By Erika Moen on May 25, 2011

My really awesomely creative friend Trixie took a silkscreening class recently through PNCA‘s Continuing Education program and was so enamored with it that she signed herself right back up for the next one– this time with me in tow.

Look what I can do!

Wait, wait, but I’m getting ahead of myself.

Mind you, this is not a tutorial on how to screenprint, so please don’t read this and get frustrated! I just wanna share my day at PNCA’s printing studio with you.

For the final assignment of the class, we were instructed to make a print using three ink colors. First things first, I had to draw up my design in Photoshop!

Ink Separations

I kept each color on a separate layer in Photoshop so that I print them out individually onto clear overhead projector plastic sheets using just a regular ol’ printer. In order to be burned onto their screen, I had to make all the colors solid black.

I should have laid those transparencies out in the order they were printed, sorry! Here’s a quick guide:
Far Left: Printed with purple ink, last
Middle: Printed with yellow ink, first
Right, Printed with green ink, second
Instructables has a pretty good step-by-step of the burning your image into the screen using photo emulsion process, even though it’s specifically about making t-shirts.

Set Up

Clamping the screen in place.

I spent ages trying to mix the right shades of ink for my print.

Ink Pot

Pouring the ink onto the screen!


Earlier I’d done all the yellow printing and now it was time to add the green– but how do you make sure the two will line up correctly?? By printing the green onto a sheet of plastic, sliding the already-printed-upon-with-yellow-ink-paper underneath and adjusting till they were perfectly synched up.

Before printing anything, I’d hole punched all my sheets of paper so that I could do something called “pin hole registration”, where you get your paper lined up just where you want it and then take down these two metal pegs to the table so that the holes you punched earlier fit onto them. From then on, all you have to do is slot your paper onto the pegs and it will be in exactly the right location, no more fiddling to line up every single print anymore! (You can see me slotting the paper on and off its pegs in the video I posted at the top)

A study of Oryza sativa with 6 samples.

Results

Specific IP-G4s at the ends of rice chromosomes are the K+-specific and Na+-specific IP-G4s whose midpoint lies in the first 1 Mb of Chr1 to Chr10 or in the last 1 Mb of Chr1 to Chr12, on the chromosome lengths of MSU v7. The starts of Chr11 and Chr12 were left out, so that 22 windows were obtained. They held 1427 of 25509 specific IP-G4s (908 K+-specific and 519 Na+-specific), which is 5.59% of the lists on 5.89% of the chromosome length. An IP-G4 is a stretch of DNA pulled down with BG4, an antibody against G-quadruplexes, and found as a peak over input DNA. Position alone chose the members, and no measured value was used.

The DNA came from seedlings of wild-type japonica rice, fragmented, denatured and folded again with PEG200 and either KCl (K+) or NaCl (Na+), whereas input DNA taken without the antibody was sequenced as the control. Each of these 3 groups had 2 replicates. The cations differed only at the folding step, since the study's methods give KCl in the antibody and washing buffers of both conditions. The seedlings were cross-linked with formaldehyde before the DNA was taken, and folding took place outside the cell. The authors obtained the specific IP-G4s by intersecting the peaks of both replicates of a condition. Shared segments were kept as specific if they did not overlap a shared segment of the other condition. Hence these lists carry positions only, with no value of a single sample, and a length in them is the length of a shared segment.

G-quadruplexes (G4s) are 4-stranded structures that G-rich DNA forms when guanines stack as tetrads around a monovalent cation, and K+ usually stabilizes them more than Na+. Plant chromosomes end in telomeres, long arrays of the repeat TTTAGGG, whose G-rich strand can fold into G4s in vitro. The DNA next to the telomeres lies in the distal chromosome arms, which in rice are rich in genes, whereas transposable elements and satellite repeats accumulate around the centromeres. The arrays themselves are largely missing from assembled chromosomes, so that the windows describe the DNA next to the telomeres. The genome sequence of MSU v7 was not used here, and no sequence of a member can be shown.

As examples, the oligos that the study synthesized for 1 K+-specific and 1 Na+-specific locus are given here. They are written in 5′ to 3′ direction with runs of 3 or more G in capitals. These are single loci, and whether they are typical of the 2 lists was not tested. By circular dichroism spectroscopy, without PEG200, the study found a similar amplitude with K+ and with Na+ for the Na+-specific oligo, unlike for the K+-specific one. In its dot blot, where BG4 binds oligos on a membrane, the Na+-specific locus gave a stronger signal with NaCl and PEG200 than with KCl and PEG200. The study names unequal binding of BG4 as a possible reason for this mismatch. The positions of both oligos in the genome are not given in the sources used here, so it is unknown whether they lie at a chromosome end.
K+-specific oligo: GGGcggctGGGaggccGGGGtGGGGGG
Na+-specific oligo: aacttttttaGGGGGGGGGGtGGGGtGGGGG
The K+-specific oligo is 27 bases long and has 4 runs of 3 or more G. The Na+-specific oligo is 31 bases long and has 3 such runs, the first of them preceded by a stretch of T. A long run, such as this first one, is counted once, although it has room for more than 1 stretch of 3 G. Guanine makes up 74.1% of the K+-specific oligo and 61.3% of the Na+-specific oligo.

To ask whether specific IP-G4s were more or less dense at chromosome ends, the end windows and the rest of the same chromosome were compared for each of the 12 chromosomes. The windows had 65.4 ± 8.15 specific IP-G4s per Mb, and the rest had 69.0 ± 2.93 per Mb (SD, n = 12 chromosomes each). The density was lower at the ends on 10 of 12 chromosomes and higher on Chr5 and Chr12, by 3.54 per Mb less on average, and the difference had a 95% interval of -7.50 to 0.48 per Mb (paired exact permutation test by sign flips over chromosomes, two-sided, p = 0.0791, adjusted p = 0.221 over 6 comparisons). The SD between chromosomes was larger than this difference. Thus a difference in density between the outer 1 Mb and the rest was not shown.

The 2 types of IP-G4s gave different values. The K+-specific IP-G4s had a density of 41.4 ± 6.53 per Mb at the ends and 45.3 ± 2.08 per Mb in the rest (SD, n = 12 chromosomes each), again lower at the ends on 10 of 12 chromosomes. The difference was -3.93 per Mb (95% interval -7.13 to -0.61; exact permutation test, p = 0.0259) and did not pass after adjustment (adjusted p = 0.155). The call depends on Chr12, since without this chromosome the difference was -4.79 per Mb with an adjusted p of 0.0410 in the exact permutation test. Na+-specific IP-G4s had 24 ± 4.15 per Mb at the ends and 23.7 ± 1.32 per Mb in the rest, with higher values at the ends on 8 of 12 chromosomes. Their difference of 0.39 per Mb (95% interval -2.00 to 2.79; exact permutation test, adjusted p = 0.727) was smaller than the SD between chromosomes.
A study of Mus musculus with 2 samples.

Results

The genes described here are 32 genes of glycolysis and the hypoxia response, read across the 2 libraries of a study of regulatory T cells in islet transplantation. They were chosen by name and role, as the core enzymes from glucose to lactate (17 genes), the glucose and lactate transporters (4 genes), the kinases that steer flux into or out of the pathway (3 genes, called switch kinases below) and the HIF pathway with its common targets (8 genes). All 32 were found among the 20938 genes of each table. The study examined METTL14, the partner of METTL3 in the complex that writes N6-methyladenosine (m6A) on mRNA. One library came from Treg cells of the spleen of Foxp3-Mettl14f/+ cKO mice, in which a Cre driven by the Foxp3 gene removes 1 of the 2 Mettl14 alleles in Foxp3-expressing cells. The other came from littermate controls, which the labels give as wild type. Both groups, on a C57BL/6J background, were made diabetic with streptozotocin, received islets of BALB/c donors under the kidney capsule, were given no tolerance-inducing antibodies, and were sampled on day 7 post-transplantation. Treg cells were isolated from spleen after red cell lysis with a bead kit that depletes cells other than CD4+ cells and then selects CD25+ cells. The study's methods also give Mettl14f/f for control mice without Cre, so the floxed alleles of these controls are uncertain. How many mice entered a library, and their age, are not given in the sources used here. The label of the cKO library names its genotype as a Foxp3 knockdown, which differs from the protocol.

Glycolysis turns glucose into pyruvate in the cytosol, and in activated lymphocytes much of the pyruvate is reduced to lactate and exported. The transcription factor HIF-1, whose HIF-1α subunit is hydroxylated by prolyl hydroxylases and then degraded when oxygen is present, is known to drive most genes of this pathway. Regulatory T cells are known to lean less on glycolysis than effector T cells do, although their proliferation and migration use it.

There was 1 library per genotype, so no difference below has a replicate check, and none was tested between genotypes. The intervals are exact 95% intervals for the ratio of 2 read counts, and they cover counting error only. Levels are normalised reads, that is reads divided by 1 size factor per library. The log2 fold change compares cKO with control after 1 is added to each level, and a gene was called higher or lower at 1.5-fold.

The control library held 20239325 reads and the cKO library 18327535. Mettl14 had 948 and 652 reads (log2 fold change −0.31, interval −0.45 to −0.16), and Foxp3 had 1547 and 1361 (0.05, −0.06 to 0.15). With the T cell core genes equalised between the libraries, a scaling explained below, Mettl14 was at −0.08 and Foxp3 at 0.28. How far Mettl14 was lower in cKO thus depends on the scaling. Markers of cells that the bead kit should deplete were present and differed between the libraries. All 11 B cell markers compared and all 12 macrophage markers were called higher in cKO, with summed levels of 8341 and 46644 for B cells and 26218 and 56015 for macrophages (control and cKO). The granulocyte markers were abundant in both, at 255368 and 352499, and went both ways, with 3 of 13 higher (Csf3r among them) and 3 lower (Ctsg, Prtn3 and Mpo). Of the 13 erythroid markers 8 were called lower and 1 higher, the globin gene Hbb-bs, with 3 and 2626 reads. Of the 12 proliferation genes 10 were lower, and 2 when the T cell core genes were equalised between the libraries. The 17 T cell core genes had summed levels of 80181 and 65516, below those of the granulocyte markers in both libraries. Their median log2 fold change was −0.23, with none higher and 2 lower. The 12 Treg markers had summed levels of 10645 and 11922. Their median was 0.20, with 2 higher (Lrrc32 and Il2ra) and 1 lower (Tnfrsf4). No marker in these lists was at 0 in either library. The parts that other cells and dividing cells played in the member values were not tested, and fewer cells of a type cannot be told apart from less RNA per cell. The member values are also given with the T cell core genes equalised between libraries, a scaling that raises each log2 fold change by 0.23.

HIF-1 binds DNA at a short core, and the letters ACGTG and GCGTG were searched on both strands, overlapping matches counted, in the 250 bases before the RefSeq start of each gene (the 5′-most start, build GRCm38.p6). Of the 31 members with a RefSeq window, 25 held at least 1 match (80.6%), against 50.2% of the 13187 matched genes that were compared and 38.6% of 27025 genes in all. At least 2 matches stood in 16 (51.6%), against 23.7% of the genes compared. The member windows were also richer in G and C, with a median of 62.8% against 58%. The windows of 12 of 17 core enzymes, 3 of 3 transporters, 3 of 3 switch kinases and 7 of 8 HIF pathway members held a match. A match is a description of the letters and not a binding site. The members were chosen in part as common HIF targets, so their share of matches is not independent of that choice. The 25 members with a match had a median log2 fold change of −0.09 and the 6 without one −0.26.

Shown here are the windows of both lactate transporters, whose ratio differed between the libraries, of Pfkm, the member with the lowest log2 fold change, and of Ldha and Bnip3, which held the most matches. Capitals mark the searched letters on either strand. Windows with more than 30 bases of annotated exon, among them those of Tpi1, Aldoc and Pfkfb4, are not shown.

Really speeds things up.

Flooding the screen
Flooding the screen with ink to get it saturated over the live areas.

Under the Screen

Green Inked
Gettin’ all the green parts printed!


I forgot one of my papers had been cut shorter than the others, fucking up the pin hole registration I’d so cleverly set up.

PNCA’s printing studio!


Onto the purple. It took me foreeeeever to get the right shade. This isn’t actually the exact color I was going for, but it was goddamn close enough.

Pullin' Pullin' Pullin'
Pullin’ Pullin’ Pullin’


Clean Up

Time to clean up! I’m putting the left over ink back into its little jar. Maybe somebody else will use my purple that I so painstakingly mixed!

Washing Out My Screen
Washing out my screen.

End Result
The final result!

Out of the twenty prints I made, 17 of them came out just right! When everything was all cleaned up, I labeled all the good prints with their title (“Artichokes”), my name and their edition number out of 17.

Here’s a scan of the finished product:

Bring this print into your house!
If you wanna have this artichoke in your home,
you can make that happen by following this link!